Sharon Stone's Near-Death Experience Explained

Actress Sharon Stone rose to fame in the early '90s, and roles in films like "Total Recall" and "Basic Instinct" helped turn her into a Hollywood star overnight. She is especially remembered for her nude leg-crossing scene in the latter film, which is also how she became a sex symbol. Earlier this year, however, Stone revealed in her book, "The Beauty of Living Twice," that she was tricked into doing the infamous scene. Per Yahoo! News, she even took legal action to stop it from being released. Nevertheless, she's had quite the acting career afterward, which has spanned some four decades (via IMDb). But as the title of her memoir suggests, she has lived twice.

In 2001, Stone experienced a health crisis that could've ended her career and life. Years later, in 2017, the actress discussed the life-changing near-death experience during a panel that raised awareness about neurological disorders in women, per The Hollywood Reporter.

How Sharon Stone almost died

Sharon Stone suffered from a stroke in 2001, but she didn't even realize what had happened to her. When she went to the hospital three days later, she learned she had suffered from a brain hemorrhage (via The Hollywood Reporter).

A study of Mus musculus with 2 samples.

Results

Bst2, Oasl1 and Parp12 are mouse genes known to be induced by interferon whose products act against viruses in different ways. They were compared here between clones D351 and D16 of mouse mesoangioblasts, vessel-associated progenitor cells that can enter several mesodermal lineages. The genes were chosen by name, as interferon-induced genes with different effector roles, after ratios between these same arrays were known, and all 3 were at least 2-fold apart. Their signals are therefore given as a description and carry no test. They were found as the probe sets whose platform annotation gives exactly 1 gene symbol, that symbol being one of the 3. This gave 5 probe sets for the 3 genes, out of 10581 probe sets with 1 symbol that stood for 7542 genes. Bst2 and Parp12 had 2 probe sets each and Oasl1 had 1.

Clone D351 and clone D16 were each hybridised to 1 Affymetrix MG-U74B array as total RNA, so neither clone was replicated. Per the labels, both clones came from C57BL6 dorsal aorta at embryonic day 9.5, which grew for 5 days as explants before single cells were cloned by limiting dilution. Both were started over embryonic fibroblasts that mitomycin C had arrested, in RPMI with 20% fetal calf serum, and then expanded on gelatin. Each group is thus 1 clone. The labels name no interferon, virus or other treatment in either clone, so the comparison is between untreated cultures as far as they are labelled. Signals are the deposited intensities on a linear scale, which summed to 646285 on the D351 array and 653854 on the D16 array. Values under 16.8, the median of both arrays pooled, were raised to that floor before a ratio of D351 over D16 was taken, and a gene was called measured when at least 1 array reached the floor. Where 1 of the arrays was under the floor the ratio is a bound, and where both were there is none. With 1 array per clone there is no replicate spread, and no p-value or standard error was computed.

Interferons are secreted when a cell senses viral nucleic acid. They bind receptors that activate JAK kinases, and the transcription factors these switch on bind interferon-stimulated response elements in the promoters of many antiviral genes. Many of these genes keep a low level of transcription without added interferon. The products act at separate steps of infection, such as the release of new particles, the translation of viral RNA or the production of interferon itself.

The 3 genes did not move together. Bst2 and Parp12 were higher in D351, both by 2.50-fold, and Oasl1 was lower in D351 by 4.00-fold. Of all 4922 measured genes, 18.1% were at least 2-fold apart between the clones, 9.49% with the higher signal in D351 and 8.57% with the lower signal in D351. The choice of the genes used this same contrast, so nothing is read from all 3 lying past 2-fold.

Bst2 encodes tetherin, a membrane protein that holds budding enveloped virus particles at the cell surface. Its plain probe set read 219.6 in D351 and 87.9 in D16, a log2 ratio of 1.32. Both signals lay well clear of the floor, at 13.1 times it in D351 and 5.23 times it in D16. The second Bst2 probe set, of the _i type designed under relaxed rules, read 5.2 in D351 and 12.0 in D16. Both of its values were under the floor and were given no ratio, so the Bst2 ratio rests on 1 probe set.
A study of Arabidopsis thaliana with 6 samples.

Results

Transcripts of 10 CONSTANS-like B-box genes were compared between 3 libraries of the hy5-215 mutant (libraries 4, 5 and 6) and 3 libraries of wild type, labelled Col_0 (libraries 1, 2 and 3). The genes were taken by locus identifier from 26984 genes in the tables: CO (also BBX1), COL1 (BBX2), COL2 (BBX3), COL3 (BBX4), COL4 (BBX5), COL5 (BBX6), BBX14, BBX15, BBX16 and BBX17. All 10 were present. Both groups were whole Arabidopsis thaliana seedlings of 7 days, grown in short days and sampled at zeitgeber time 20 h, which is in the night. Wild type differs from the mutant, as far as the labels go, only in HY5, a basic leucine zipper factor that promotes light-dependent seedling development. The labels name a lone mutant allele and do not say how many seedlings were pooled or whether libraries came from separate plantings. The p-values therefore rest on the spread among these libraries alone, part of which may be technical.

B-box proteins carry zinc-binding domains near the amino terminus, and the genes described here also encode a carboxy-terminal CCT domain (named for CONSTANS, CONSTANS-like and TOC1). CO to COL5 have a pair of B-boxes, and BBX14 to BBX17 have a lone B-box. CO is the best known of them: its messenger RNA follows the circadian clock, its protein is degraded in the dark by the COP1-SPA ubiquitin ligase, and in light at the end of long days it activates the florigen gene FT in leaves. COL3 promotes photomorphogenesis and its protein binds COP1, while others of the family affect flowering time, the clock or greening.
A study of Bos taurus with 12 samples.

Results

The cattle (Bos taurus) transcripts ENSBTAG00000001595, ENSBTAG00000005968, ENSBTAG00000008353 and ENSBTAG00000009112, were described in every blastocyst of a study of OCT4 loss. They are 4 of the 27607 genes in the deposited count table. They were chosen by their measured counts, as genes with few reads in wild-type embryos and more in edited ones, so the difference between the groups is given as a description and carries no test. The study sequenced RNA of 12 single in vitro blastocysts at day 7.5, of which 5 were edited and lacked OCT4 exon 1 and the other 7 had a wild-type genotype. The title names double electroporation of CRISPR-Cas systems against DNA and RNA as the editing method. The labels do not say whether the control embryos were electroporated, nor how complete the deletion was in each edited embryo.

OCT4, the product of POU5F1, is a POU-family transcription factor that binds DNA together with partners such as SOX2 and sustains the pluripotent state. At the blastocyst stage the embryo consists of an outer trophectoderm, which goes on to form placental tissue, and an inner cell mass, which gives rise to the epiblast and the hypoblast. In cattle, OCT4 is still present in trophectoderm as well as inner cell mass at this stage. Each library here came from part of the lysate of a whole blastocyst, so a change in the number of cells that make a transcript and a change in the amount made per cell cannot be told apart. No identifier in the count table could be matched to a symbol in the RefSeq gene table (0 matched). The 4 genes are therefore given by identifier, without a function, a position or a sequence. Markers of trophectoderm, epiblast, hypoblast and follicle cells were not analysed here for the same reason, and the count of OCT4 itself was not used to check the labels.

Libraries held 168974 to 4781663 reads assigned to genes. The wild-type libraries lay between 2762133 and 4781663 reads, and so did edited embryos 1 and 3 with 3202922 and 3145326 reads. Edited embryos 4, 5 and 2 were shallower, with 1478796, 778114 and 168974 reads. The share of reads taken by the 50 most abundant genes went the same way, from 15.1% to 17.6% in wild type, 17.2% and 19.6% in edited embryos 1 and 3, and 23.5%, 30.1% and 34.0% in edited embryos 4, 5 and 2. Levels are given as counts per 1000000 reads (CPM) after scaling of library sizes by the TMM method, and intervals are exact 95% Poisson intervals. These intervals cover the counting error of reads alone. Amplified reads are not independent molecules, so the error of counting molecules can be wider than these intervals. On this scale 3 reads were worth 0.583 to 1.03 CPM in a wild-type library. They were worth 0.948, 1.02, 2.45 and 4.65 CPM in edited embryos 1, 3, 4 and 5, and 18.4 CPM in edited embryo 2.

A stroke is when blood flow in the brain is interrupted and blocks oxygen from adequately circulating in the major organ, says Mayo Clinic. It's a life-threatening health issue that can also cause permanent disability. When it's coupled with bleeding inside the brain, it's called a brain hemorrhage (via Medicine Net). Stone says during the six days she spent in the hospital recovering, she saw a frequent white light and friends of hers who had long passed on, per Daily Mail. Despite the experience being very quick, Stone says she knew the exact moment when she was finally back in her body and felt like herself. According to the actress, she had reached the other side and came back.

Stone now takes neurological medication as a result, and the health emergency changed her forever. But she says the incident also killed any fear she had of dying. "It affected my life so profoundly that it will never be the same ... death — it's very near and very safe. It's not a far away or scary thing."